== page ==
Kiado-Ryu Karate

Jun 4, 2018 - Feature of the Week Kiado-Ryu Principle

Adapt or Die

Kiado-Ryu Principle #30

From The Black Belt Book of Life: Secrets of a Martial Arts Master.

In the day-to-day battles of life,
we can weep or laugh or cry,
but the indefensible truth
is that we either Adapt or Die.

The wise adapt themselves to circumstances, as water molds itself to the pitcher.

Chinese Proverb

Fixed fortifications are monuments to man’s stupidity.

General George Patton, Jr.

The nature of war is ceaseless change … It is one of the most important tasks of command to effect timely and proper change of tactics.

Sun Tzu

All fixed set patterns are incapable of adaptability or pliability. The truth is outside of all fixed patterns.

Bruce Lee

Life changes … ceaselessly. War changes … ceaselessly. Battles change … ceaselessly. It is a fact of life that one of the true constants in life is change. Like the waters of the ocean and their tides upon the shore, change is the order of the moment.

Adaptation. It is the antidote to change and critical to survival. Whether it is applied to life, war, personal battles, family situations or geographical occurrences, being able to adapt is the key to survival and success for any living species.

To adapt means to adjust. Therefore, the principle of adjustment is central to our well-being. If we’re too fixed, too stuck, too locked into our own ways of being or to a mindset that will not bend, the result can’t be good.

Warriors such as the famed Sun Tzu, Bruce Lee, George Patton and all great generals understand these principles as deeply as anyone, if not more, because in their worlds life is the cost of their inability to adapt. If they are not adaptable in war, many soldiers will die, a major concern, especially if one has a conscience.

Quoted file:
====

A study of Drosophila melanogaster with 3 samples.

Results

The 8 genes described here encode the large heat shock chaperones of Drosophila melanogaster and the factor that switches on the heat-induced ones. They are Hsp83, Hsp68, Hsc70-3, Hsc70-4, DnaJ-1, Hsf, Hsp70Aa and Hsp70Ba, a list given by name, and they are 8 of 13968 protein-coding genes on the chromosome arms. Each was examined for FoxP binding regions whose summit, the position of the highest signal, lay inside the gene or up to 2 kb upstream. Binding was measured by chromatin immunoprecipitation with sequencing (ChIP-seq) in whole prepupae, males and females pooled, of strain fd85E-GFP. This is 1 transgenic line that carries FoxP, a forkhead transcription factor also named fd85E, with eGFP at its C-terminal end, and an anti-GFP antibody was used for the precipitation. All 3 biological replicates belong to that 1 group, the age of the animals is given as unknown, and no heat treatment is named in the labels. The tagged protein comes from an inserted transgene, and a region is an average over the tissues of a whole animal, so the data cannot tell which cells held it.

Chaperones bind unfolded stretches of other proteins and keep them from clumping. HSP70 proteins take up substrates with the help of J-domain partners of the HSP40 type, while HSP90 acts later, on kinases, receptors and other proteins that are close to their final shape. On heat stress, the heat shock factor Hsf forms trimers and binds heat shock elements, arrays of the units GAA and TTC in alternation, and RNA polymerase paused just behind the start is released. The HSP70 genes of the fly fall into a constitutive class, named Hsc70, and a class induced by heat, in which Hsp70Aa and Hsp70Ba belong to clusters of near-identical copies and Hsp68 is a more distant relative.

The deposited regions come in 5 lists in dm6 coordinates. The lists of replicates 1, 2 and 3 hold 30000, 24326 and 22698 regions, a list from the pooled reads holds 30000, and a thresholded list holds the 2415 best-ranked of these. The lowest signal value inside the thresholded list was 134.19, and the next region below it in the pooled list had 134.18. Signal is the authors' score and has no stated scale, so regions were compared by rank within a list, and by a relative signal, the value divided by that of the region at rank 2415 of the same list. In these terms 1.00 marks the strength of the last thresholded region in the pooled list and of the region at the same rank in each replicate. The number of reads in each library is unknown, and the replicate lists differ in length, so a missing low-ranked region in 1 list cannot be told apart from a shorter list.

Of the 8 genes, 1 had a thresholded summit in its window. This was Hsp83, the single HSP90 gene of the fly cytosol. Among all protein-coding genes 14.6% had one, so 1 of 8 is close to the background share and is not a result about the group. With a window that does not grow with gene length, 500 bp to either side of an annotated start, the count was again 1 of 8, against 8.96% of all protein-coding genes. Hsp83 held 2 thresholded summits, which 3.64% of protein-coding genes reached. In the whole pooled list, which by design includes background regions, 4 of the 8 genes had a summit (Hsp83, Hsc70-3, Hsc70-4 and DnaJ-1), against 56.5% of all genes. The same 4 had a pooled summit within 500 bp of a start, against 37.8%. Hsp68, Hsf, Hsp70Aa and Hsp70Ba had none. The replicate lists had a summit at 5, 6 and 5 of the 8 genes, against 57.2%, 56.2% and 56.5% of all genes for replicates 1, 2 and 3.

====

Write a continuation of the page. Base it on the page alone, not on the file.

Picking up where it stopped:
This inability to adjust was no more obvious than in the 1991 Gulf War between Allied Military Forces led by General Norman Schwarzkopf against Iraqi leader, Saddam Hussein, who claimed that such a conflict would be the “Mother of all Battles.” Although boldly labeled, it became instead the “Mother of all Defeats.”

In preparation to the Allied Forces’ attack, Hussein entrenched his tanks, aiming them at a beachhead where he presumed the attack would start because of allied attack-landing rehearsals. But these rehearsals were all a ruse, a deception. This was a costly mistake for Hussein, who would have been well served to have studied warfare, especially paying attention to General George Patton’s observation that Fixed fortifications are monuments to man’s stupidity.

Schwarzkopf faked a frontal attack on the beachhead and executed an “end run” around Hussein’s entrenched armored defenses. This highly mobile flanking maneuver allowed the Allies to get behind Hussein’s frontline fixed fortifications, laying waste to the Iraqi army in a mere 100 hours, initiating a re-titling of the “Mother of all Battles” to the “100 Hour War.” Hussein was humiliated and defeated, a precursor to future events when Allied forces destroyed his murderous regime in 2003. Hussein was tried by his own people and died by hanging in 2006, ending his reign of terror.

This entire historic occurrence is a major example of one’s inability to adapt. Hussein didn’t or couldn’t. He died. Perhaps he should have heeded the principle, adapt or die.

On the other side of the coin, especially during the Gulf War, the Allied Forces under the brilliant command of General Norman Schwarzkopf did adapt and they were victorious.

Such is the reality of life, war and battles. If we’re to be successful in life, we must learn to adapt, adjust and modify our thoughts and actions as they apply to the circumstances at hand. How do we adapt? By being flexible, supple, like the branches of a willow tree. We need to bend not break, as the saying goes. This means we need to be open to change and modification. Having a strong will is good, but if it’s too strong, too rigid, it will not be able to flex, and in that lack of flexion, it will collapse, like ill-constructed buildings in an earthquake. The same goes for our attitudes, principles, beliefs and concepts held dear, sometimes too dear. They must be flexible in all ways—mentally, emotionally, physically, financially. If we can’t be flexible when circumstances demand, then we may well be victimized by our own inability to functionally understand the principle, adapt or die.